Testing! Testing! Helping Students Overcome Test Anxiety and Prepare for Tests" DAY 1, Post 1

Hello, and welcome to the first discussion topic of our two-day event! Please join me in welcoming Daphne Atkinson! You'll have the opportunity to learn from and add to discussion with both Daphne and your peers as we discuss testing, assessment strategies, and more.

Daphne Atkinson is Managing Director of Daphne Atkinson & Associates, LLC, a consulting practice designed to serve the strategic and tactical needs of the adult education community. Ms. Atkinson brings more than 20 years of experience creating content about thinking styles, learning preferences, generational characteristics, and research-based classroom strategies for administrators, trainers, and instructors.

Let's begin with our first question for the day:

In students' minds, there is often a disconnect between what happens in the classroom (in terms of topics) and what they see on the tests.  How can instructors reduce or eliminate the disconnect?

Comments

Who hasn’t had the experience of having adult learners insist that there were questions on a test that weren’t covered in class? Why does that happen?  It involves adult learners’ expectations about—and to be fair—the baggage about learning that occurs in the classroom setting. Without a clear connection to real life or a passion for learning for its own sake, many learners may conclude that the academic content has little relevance to real life. 

 

Let’s talk about how to reduce this disconnect.  Knowles’ findings about the characteristics of adult learners shed light on this phenomenon.  Ultimately, learning is the province of the learner (self-directed and autonomous)—a fact that is sometimes challenging to remember.  Learners choose what learning to let in and what to screen out.  The task for instructors is to find a way in.

 

Post a few of your own go-to strategies.  In the meantime, a few suggestions:  One way in is to link all lessons to the adult learners’ goals and to make the connection by demonstrating both the relevance and practicality.  Here are a few things to try:

  1. Bring real life into the classroom with relatable examples—knowing your students, their goals, and interests will drive the topics you choose.
  2. Demonstrate how the concept relates to real life—in other words, make your thinking visible—the actual  thinking process that connects the concept and the real-world example.
  3. Find a video that illustrates the real-life connection.
  4. Encourage learners to offer additional examples (discussion) and have them write a brief paragraph about the example.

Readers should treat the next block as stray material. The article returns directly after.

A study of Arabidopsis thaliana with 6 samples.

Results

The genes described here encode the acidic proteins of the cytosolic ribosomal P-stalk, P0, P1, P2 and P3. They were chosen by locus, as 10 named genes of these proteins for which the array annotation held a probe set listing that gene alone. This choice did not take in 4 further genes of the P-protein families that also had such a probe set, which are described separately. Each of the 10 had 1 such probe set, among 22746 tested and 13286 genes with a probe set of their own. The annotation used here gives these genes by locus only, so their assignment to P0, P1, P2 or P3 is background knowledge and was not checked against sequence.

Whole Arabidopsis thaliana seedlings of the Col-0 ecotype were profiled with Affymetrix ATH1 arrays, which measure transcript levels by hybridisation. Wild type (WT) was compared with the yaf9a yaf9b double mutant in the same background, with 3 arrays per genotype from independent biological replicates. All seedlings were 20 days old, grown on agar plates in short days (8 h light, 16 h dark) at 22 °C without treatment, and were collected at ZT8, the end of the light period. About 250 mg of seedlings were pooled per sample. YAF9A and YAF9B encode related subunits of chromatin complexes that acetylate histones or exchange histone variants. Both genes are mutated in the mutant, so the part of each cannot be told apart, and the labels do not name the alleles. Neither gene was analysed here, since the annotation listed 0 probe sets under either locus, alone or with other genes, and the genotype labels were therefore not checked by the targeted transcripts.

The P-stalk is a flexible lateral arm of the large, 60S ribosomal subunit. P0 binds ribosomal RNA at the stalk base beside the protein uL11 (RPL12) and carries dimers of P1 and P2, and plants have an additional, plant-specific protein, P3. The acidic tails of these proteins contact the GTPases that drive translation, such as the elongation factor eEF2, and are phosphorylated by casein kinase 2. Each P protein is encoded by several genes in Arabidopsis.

5. Then, conclude by discussing the ways that this concept could appear on tests and how learners might recognize the concept (and connect it with prior learning).
  6. The big takeaway for learners should be that there are many ways to present the same content; by giving students the experience of looking beyond the obvious ways that a test question might be packaged, instructors are helping adult learners develop an important set of life skills.

 

This is wonderful, Daphne! We hear all the time about how crucial it is for adult learning to be real-life centered to increase engagement in the classroom, but I'm not sure I have heard it connected to testing. That makes perfect sense. Helping students not see assessment as "something I have to do that is separate" but rather connected via life skills should certainly help to mend that disconnect. I now wonder if, as an instructor, I have helped to fuel the idea that tests are somehow different and disconnected from skills. 

Great food for thought!

Thanks Susan for bringing this great topic to life in this discussion! Thanks Daphne for adding your expertise!

In creating assessments in class, we certainly want to avoid situations like this:

Cartoon with Sally asking why anyone would buy 60 cantaloupes without someone asking what was wrong with them in the attempt to create a word problem.

I am reflecting on an article I read some years ago about instructor's attempts to create realistic workplace math problems for class. They concluded:

In real workplace math:

  • All problems are word problems
  • All problems are realistic on-the-job situations
  • None of the problems has explicit math
  • No “find the common denominator”
  • No written formulas - you are told to rearrange or solve
  • You must interpret the English in terms of math and you must choose the correct math tools to solve the problem

Their conclusion was: "In summary, workplace math is critical thinking applied to math."

Source: http://curriculumredesign.org/wp-content/uploads/Paris-Workplace-Math-MMayo.pdf

 

Thanks again for having this discussion,

Steve Schmidt

Great ideas Daphne. We are all being tested every day in many ways and don't even realize it!

I remember bringing in pizza and fruit pies for Pi day (3/14) and a lesson on circumference, radius, and diameter and as mentioned in #1 I chose pizzas and pies my leaners had an interest in and the authentic materials made the lesson fun and concepts memorable. I reminded the learners at the time that the GED test could involve some questions on circumference, but I didn't make the whole focus of my lesson about the GED test. It allowed them to see that yes they needed to know this for a test, but they might use it in real life too. What does it mean if an online menu says an 18 inch pizza??? Or thinking about pie sizes and correct size paper plates to fit the slices for a party or event.